When I was a teen, my after-school pizza bagel went straight from a box in the freezer to the toaster oven and bore little resemblance to either bagels or pizza. Now that I assemble them myself with pantry-friendly ingredients, pizza bagels remain a welcome snack, whether at midnight or midday. Here, I’ve layered a bagel with a riff on the concentrated flavors of a traditional Puttanesca sauce, with lots of umami to make a sandwich that’s grown-up and unapologetic. I included pepperoni because I love the way the slices “cup” when sizzled and the way its spicy, orange-colored grease slicks the cheese. You should take a pizza bagel in any direction that satisfies your own craving or refrigerator contents: Caponata pizza bagel? Why not? Pizza bagel bianca? Naturally. Quattro formaggi? Go for it. I once made a version with fresh figs, leftover roast potatoes, and blue cheese, and I would do it again.

Reprinted from Bagels, Schmears, and a Nice Piece of Fish by Cathy Barrow with permission from Chronicle Books, 2022. Photographs © Linda Xiao.

Makes 2 open-faced sandwiches

  • 2 tablespoons olive oil
  • 2 anchovies, chopped
  • 1 garlic clove, peeled
  • 1 tablespoon tomato paste
  • 1 teaspoon drained capers
  • 1/8 teaspoon crushed red pepper
  • 1 bagel, split and scooped (See "Secrets for Better Sandwiching," below)
  • ½ cup (56 g) shredded mozzarella cheese
  • 16 small pepperoni slices, optional
  • ¼ tsp dried oregano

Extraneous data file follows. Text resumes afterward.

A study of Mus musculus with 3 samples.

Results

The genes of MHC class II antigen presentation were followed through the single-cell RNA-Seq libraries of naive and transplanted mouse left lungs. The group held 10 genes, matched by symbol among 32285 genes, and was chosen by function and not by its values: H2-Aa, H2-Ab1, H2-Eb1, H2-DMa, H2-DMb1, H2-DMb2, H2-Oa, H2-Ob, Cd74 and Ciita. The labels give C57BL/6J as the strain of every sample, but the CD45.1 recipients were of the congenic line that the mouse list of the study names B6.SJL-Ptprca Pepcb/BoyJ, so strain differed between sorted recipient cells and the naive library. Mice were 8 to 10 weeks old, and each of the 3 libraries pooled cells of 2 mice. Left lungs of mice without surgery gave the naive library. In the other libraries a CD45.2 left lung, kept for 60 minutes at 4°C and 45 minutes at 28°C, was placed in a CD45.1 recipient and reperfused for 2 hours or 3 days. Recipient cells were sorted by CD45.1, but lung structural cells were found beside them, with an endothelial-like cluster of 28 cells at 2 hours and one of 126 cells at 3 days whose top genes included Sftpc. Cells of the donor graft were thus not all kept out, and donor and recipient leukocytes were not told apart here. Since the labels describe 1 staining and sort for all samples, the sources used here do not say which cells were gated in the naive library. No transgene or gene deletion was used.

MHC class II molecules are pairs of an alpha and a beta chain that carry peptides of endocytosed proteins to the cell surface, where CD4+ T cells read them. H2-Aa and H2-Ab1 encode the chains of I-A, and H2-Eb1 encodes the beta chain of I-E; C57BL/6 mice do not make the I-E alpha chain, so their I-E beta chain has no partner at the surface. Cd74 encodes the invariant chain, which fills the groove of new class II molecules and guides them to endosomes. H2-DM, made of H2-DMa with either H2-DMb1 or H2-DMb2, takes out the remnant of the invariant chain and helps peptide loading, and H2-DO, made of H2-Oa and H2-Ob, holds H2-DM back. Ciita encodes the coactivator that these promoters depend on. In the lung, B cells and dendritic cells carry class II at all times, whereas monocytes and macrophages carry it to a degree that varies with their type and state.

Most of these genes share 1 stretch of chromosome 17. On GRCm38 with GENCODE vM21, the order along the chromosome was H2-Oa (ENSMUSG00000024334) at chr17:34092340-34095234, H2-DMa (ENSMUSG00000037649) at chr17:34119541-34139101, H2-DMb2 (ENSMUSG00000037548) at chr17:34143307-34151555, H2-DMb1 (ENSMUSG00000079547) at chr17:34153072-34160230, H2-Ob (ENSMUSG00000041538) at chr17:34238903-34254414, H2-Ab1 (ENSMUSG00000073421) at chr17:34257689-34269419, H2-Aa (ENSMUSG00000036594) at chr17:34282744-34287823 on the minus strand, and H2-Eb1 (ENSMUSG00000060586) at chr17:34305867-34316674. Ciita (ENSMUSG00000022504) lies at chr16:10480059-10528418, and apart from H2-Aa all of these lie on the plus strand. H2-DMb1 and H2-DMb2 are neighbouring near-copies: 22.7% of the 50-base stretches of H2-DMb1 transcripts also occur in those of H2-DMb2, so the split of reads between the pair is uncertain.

• 2 tablespoons finely grated parmigiano-reggiano cheese

1. Set the oven rack in the uppermost position and preheat the broiler. Line a baking sheet with foil.

2. In a small skillet over medium-high heat, warm the olive oil. Add the anchovies and smash them with the back of a spoon, cooking them until they dissolve into the oil. Lower the heat to medium and use a Microplane to grate the garlic directly into the skillet. Cook until fragrant, less than 1 minute. Add the tomato paste and use a whisk to stir it into the fragrant oil. Whisk and cook the sauce until smooth and emulsified, 2 to 3 minutes. Add the capers and crushed red pepper and cook for another 30 seconds to form a sauce. Remove the skillet from the heat and set aside.

3. Place the bagel halves cut-side up on the foil-lined baking sheet. Divide the sauce between the bagels and fill the scooped-out tunnels. Cover with the mozzarella, then the pepperoni, if using. Sprinkle the oregano and Parmigiano-Reggiano evenly over the tops.

4. Slide the baking sheet under the broiler until the cheese is bubbling and starting to brown, no more than 2 to 3 minutes. Remove from the oven.

5. Let the bagels rest for a minute or two before digging in or risk that sorry burn on the roof of your mouth.




It’s disheartening mid-bite to have the filling slide out from a bagel sandwich into your lap. To help avoid this messy moment, I like to scoop out some of the bagel’s insides and use its emptied space to trap messy condiments or slippery sauces.

The act of scooping, or removing the bready center from a split bagel, first started during the Carb Craze of the 1990s. Since then, for calorie counters and the carb-averse, it’s de rigueur. And for some others, it’s a reason to side-eye and declare the act an abomination. I’ve learned that a scooped bagel makes a tidy sandwich that’s less likely to slide apart than a non-scooped bagel. And I’m going to leave it at that.

To remove the center portion of the bagel, first split it, then use a grapefruit spoon or a melon baller to scoop the center crumb away from the firm shell. The center portion can be toasted and ground in a blender for bread crumbs.